4 Things I Learned From The Wall Street Journal’s Jason Zweig

I recently finished reading a post from Jason Zweig. It’s about investing lessons and experiences he’s grateful for. If you missed the article, it is here. Below, for my own journal keeping, I highlighted a few things I learned reading about the things he’s learned:

Investing has never been this easy or this inexpensive. In 1992, when he was first writing about mutual funds, many were charging 8% sales commissions. Today, that’s totally changed:

“Today, you can buy exchange-traded funds, commission-free, with annual expenses as low as 0.03%. Invest $10,000, and $9,997 stays in your own pocket — where it has always belonged.”

Zweig has learned, over the years, that your own psychology is your greatest asset… or greatest enemy:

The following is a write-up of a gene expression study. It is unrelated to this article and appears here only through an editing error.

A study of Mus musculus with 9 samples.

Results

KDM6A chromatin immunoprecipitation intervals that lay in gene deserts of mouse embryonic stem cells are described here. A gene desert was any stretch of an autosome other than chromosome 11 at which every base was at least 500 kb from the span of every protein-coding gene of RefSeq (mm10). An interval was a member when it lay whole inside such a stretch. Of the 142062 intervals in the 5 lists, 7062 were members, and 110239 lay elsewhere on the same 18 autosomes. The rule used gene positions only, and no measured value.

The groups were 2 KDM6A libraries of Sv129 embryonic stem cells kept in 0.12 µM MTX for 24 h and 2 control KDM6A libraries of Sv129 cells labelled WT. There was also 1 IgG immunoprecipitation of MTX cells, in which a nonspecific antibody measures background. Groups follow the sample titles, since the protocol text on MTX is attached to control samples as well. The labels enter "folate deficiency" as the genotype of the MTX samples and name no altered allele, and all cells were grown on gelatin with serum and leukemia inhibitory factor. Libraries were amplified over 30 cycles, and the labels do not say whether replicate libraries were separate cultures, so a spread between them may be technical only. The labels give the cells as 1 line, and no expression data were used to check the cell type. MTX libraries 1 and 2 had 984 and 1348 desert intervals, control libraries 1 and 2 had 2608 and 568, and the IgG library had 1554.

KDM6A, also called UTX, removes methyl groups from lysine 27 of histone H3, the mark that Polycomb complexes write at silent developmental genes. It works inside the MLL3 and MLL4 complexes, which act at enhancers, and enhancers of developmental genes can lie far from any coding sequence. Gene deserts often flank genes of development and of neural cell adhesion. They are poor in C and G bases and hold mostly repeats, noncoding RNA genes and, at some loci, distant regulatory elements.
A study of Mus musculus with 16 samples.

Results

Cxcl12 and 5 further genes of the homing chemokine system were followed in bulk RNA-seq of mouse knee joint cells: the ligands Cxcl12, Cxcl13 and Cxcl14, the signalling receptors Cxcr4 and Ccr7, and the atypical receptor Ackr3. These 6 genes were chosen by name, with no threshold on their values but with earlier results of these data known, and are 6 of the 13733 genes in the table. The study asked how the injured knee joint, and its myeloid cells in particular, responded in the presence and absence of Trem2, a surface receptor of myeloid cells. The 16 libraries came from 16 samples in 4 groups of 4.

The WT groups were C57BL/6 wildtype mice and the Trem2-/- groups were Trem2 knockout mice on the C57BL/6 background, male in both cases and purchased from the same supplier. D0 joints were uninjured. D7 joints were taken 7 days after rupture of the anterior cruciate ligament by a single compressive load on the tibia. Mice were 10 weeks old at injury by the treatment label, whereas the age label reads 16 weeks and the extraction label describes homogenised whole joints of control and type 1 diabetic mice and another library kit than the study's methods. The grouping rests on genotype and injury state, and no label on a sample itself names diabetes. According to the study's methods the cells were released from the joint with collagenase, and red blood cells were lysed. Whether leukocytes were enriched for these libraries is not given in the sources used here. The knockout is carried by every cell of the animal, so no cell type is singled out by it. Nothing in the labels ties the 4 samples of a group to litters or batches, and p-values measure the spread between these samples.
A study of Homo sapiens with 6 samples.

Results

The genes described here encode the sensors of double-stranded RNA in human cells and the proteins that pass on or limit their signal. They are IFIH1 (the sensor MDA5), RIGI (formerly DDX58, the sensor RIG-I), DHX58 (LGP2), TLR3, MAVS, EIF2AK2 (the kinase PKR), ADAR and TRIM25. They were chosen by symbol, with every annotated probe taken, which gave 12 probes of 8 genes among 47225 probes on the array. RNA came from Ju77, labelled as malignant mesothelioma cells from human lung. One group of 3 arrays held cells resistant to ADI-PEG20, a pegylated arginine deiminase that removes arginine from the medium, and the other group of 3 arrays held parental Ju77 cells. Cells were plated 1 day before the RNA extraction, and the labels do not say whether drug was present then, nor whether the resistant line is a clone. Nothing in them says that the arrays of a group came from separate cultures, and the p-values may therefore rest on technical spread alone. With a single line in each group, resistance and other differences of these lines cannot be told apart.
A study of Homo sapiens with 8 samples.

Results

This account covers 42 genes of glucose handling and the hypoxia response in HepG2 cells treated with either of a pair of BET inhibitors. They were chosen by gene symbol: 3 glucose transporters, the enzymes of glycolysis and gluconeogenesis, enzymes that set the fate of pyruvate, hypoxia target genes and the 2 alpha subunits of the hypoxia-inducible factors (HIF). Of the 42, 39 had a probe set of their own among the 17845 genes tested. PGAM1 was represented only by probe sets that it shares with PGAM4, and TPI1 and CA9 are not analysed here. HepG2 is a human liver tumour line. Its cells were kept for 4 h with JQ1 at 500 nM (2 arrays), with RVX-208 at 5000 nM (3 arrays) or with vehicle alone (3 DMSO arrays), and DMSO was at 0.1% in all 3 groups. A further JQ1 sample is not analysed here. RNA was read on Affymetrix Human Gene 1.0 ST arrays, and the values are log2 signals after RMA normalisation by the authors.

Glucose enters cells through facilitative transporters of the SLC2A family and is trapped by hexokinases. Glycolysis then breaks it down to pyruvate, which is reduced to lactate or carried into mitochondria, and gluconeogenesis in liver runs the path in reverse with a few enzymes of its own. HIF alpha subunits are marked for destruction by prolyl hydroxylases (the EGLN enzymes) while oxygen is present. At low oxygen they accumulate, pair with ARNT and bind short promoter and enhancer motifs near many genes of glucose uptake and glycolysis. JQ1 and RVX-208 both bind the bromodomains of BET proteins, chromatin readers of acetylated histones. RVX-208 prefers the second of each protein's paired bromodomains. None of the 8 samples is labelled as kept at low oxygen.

“Evaluating yourself honestly is at least as important as evaluating your investments accurately. If you don’t force yourself to learn your limits as an investor, then it doesn’t matter how much you learn about the markets: Your emotions will be your undoing.

If you’re investing for the long-haul, and buying companies you truly care about and have researched, you need to view the shares you hold with much more value than day-to-day swings in its share price. Yes — you’re able to trade shares within seconds from your brokerage, but your long-term investments should have more value to you than that:

“Graham also taught that stocks aren’t pieces of paper (or, in today’s terms, electronic blips); they are units of ownership in real businesses whose underlying value doesn’t change thousands of times a day.”

Risk management is not the act of viewing how right you can or will be. But also taking a hard look at what could happen if everything goes against you:

“From the economist and investing writer Peter Bernstein, who died in 2009, I learned about Pascal’s wager: You must weigh not only the alluring probabilities of being right, but the dire consequences of being wrong.”